November 30, 1924– Elliott Blackstone:
“They hated me. They thought it was wrong for a policeman to associate with these ‘faggots,’ but they needed help, so I helped.”
Those straight allies for Gay Civil Rights can come from the most unexpected places & change the daily lives of gay people through the dignity that they bring to the work they do. Thank you.
Blackstone was born in Montana on this day in 1924. After finishing high school, he served in the Navy during WW II. He joined the San Francisco Police Department in 1949.
Blackstone was one of the good cops, & there are many. He was a pioneer in the idea of “community-based policing”, once remarking that being a cop was like being “a social worker with a badge.” In 1962, after the discovery of a “Gayola” scandal involving police demands for payoffs from the gay bar owners, he was appointed the very first SFPD liaison to the gay community. He was actually in attendance at a gay New Year’s Ball in 1965, when there was a police raid where an officer roughed up Blackstone’s wife, assuming she was a drag queen.
In the summer of 1966, a riot broke out at a gay spot, Compton’s Cafeteria, & Blackstone brokered peace between the queens & the cops. He was introduced to Louise Durkin, a trans-person who schooled Blackstone, & taught him to use the correct terminology. She gave him a copy of The Transsexual Phenomenon by Harry Benjamin. Blackstone decided to help the transsexual community. He persuaded the Center For Special Problems, a division of the San Francisco Department Of Public Health, to offer hormones, counseling & referrals. Benjamin worked with Blackstone, who instructed his fellow police officers on dealing with trans-people.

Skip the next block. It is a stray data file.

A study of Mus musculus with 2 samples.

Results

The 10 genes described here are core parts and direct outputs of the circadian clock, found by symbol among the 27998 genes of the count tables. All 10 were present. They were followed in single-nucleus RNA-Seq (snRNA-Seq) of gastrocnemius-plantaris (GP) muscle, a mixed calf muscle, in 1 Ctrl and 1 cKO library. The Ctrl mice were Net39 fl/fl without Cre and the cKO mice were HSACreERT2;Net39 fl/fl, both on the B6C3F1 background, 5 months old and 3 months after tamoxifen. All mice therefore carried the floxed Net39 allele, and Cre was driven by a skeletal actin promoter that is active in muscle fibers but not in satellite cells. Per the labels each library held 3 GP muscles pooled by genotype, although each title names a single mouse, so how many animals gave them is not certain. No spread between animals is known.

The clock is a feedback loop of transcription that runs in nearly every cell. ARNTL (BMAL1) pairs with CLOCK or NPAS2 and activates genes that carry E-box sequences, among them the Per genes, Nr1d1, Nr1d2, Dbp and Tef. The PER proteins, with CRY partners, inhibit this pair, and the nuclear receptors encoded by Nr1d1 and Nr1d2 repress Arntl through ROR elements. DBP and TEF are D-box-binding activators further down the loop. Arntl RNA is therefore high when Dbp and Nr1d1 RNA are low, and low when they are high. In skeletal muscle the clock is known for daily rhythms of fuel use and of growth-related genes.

Blackstone then encouraged trans-people to organize. He helped start Change: Our Goal (COG) & attended their meetings. COG help change the policy of having police arresting people for using the “wrong” toilets or cross-dressing. He helped to establish an anti-poverty office that employed transgendered folks. That office provided ID cards that enabled transsexuals to open bank accounts & apply for jobs as the opposite sex. When the National Transsexual Counseling Unit was formed in San Francisco, Blackstone served as its police liaison. He worked with people who were having problems with the law or their employers. He gave a presentation to every San Francisco Police Academy Class. He even collected donations at his own church to help pay for hormones for transsexuals who could not afford them.
Asked why, as a straight man, he took such an active role on behalf of gay & transgender people, Blackstone replied:
“Because it was the right thing to do.”
Blackstone worked with early Gay Rights organizations like Mattachine Society & The Daughters Of Bilitis, to help end police entrapment of gay guys in public bathrooms. He trained police recruits on how to handle the gay community by bringing in gay people to give talks about their lives. He attended gay galas, drag balls, & Pride rallies as the face of the San Francisco Police Department. He was a pioneer & considerably brave one. Blackstone planted a seed that grew San Francisco into that special city that welcomes everyone, a place where all people would be treated equally.
He always claimed that he was just doing his job, although much of the time, the police brass gave him little support. He was harassed by fellow officers. Drugs were also planted in Blackstone’s desk & he had to fight charges of insubordination. In 1974, he was taken off the Gay Task Force & assigned to another job. Within 2 years Blackstone retired.
Blackstone was the Grand Marshal of the San Francisco Pride Parade in 2006. For all his hard work on behalf of the LGBTQ community, he received awards from the California State Senate, the California State Assembly, & the San Francisco Human Rights Commission.
Blackstone fought against prejudice at a time when any sort of rights for gays was unthinkable. His actions created a ripple of positive change.
Elliott Blackstone left this world in Autumn 2006, just a few months after having served as Grand Marshall. He was taken by a stroke at 82 years old. He is a hero to me.